PROVERBS 18:17:
The First To Plead His Cause Seems Just, Until Another Comes And Examines Him

Atlen McDonald

Did you ever wonder why we, in many instances, are willing to talk about everything in this world except what pertains to our spiritual lives? Oh, we write articles and preach and listen to sermons, but how about one on one?

We sit and listen to a preacher and what he says "seems just". However, what he is preaching is not usually "examined" by another.

Have you ever tried to talk with a preacher about a controversial problem? I have. Have you ever heard one speak with "Great Authority" on subjects such as the Treasury of the Church, or on The Church, itself? Then, have you tried to talk with him about the subject, privately? Forget challenging him publicly, enabling everyone to benefit from the examining. Such public display is not done in the Churches, any of them. Such examining would be considered uncouth and anti-social.

When you try to talk with a preacher about what he teaches, you get different responses.

A man once approached a preacher after services and questioned him on a point he had made in his sermon. The preacher said, "I don't need your advice on what I preach." Then there are the preachers who "clam up". I have actually seen them close their mouths and not even answer ... privately. This type portrays the attitude, "How dare you question me, God's anointed, God's representative."

Then there is the one who, if he talks with you at all about the controversy, will say, "That is not what I meant." Before the discussion is over he appears to agree with what you are saying ... privately. I have yet to see one who will correct his error when he next gets into the pulpit. Don't you just want to yell: "What's going on here?" What's going on is the protection of his job.

Before we leave preachers I have always thought it strange that preachers don't set up discussion groups with other preachers of the town and discuss, Biblically, the differences between themselves. I have inquired of some why they passed up what I thought was a great opportunity. The last preacher to whom I inquired about this said, "No, I never did try to evangelize in that way." From my observations, he was not alone. In reality, preachers feel safe in their pulpits, speaking with authority to people who, in general, agree with them and praise them at the door.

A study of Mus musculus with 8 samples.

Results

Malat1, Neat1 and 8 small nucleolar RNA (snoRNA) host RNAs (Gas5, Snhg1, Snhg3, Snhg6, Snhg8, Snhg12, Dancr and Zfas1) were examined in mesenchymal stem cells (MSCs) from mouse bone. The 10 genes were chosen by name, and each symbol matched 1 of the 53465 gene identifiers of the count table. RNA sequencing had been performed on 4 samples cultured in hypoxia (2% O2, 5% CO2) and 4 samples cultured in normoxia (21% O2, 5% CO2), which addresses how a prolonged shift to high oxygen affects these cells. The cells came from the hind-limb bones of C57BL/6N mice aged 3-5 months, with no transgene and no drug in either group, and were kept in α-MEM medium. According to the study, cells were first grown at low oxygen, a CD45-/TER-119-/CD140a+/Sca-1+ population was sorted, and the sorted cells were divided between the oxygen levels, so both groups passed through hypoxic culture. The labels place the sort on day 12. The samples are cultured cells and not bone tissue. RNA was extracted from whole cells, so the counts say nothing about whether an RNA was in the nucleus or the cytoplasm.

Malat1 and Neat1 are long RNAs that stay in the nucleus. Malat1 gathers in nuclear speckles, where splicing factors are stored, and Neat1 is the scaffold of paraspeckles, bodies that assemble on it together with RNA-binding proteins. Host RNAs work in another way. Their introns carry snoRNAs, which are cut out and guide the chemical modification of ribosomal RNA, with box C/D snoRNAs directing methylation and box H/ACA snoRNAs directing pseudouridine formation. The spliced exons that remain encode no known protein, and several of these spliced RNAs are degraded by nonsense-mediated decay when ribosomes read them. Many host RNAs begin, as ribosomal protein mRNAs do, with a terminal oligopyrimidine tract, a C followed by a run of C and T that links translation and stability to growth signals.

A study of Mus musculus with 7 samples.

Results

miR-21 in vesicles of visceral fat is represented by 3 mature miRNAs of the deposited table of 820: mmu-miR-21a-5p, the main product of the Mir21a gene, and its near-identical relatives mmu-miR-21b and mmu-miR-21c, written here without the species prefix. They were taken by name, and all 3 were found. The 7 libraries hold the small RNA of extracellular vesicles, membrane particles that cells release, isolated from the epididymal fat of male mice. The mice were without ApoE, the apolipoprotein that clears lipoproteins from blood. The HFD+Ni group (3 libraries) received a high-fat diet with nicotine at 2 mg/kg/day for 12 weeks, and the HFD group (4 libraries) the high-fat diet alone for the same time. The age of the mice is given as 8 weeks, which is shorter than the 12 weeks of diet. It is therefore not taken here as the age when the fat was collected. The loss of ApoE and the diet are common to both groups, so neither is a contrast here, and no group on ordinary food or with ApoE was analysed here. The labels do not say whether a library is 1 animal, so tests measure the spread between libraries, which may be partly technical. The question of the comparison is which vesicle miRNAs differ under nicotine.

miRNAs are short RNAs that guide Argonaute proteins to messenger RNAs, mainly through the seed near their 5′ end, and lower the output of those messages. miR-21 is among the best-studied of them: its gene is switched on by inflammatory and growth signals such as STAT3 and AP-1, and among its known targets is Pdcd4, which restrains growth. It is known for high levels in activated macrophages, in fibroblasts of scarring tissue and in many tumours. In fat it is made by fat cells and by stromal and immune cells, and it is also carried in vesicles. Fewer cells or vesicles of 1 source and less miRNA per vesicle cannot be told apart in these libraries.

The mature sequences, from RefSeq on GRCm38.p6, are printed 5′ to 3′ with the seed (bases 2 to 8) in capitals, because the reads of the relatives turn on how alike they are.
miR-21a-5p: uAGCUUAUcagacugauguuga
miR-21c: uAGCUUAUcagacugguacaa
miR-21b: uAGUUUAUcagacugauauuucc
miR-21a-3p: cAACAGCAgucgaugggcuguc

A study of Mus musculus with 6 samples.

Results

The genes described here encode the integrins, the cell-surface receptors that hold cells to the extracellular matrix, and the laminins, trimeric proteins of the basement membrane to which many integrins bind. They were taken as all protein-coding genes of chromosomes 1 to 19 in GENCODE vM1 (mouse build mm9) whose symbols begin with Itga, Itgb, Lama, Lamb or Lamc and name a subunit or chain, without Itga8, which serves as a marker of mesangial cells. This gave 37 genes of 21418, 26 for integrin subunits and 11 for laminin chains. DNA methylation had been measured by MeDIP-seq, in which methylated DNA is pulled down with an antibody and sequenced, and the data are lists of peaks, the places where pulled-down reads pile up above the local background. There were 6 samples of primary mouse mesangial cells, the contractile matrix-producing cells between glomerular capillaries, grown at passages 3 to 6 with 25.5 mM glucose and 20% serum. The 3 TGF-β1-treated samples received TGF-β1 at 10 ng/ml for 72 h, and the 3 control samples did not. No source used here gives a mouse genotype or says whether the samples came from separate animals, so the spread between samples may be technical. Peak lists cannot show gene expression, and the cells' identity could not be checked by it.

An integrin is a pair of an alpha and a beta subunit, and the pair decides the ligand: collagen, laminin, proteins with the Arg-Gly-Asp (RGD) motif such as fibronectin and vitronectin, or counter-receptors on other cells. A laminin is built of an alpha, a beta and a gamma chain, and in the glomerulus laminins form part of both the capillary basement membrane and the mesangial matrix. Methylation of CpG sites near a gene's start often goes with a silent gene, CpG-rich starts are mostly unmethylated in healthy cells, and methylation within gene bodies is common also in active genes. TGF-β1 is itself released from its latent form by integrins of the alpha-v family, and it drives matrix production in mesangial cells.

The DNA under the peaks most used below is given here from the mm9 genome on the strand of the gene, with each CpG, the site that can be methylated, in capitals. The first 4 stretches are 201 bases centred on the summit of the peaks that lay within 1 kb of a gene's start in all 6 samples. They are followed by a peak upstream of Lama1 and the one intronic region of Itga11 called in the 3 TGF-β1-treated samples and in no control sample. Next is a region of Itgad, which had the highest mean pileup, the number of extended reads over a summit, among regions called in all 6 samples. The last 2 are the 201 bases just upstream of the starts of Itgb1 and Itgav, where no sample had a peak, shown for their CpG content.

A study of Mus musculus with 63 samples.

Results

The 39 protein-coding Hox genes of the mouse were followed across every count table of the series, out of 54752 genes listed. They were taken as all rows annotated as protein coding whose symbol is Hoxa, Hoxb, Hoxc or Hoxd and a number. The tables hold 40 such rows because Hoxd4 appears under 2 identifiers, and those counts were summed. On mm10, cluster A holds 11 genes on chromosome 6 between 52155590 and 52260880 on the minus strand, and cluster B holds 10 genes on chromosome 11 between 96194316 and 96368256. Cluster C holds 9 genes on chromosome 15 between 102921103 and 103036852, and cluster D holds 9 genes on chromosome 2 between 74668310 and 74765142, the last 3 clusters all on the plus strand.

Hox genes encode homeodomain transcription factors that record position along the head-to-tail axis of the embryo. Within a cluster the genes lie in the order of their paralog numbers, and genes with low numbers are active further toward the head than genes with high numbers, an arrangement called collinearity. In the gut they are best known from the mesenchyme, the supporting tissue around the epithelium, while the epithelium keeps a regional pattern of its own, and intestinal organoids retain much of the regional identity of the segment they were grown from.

But wait! I'm not picking on preachers. What about "We the People"? When was the last time you approached an unbeliever and tried to discuss some aspect of God's Word? I once heard a Christian say, "I believe as long as we keep ourselves unspotted from the world, we have done our duty." So much for that attitude.

But wait, again! We are not there yet. What about plain Christian versus plain Christian discussing something about God's will. Someone once said he wanted, and yes craved, to talk with other Christians about spiritual matters. He said a "Christian" friend once let him know that they could be friends as long as religion was not brought up. Imagine that! Let's compare that attitude with physical siblings. Suppose one said to the other, "We can talk about any other subject, but don't ever bring up Dad's name. I'm sick of hearing about him." How would that make you feel? Let me suggest that to a Christian a more intense feeling would occur if he were never allowed to talk about his Heavenly Father.

Come on, folks, what is our problem? I would like to suggest a few:

1. We don't know enough about the Bible to carry on a Biblical discussion. Let us encourage each other to learn the Bible and its message to us. After all, is it not from those truths we will be judged?

2. We don't believe, deep in our hearts, that spirituality is real. It might even be an adult fairy tale. Decide for yourself! Is God real, or is He not? If you believe God is real, then get on the "bandwagon". If you do not believe God is real, then why not bail out? We cannot have it both ways, even though we might like to. Remember, God wants HOT or COLD, not lukewarm people. Someone who tries to live in both worlds is "... of all people most miserable."

3. We think we will live forever, and some day we will become real students of the Bible, and have an open channel to God through prayer. With people dying all around us, surely we know we will die, sooner or later. Possibly sooner than later!

Let us remember: we shall all be "guests of the sod" unless our Lord returns before we make our exit. If, indeed, we don't straighten up our thinking, at His coming we might find ourselves seeking the sod.

Spirituality is no fairy tale. It's real! Let us all examine our lives and see where we stand with God. When we are called before Him, individually, can you imagine His asking any of us what the preacher thought or what our mates believed. I see each of us standing before Him, alone, explaining what we believe.

I can hear you asking, "What has any of this got to do with Proverbs 18:17?" A lot! A person who desires to spend eternity with God will want to be right. He will gladly have his beliefs examined. As old brother Marshal Keeble used to say: "He will want his fruit inspected." He will crave examination. Also, because of his love for his brethren, he will want to be ready to inspect (examine) their fruit.

Do you talk about God? Are you always ready to discuss the Bible with others? Remember: "Out of the abundance of the heart the mouth speaketh."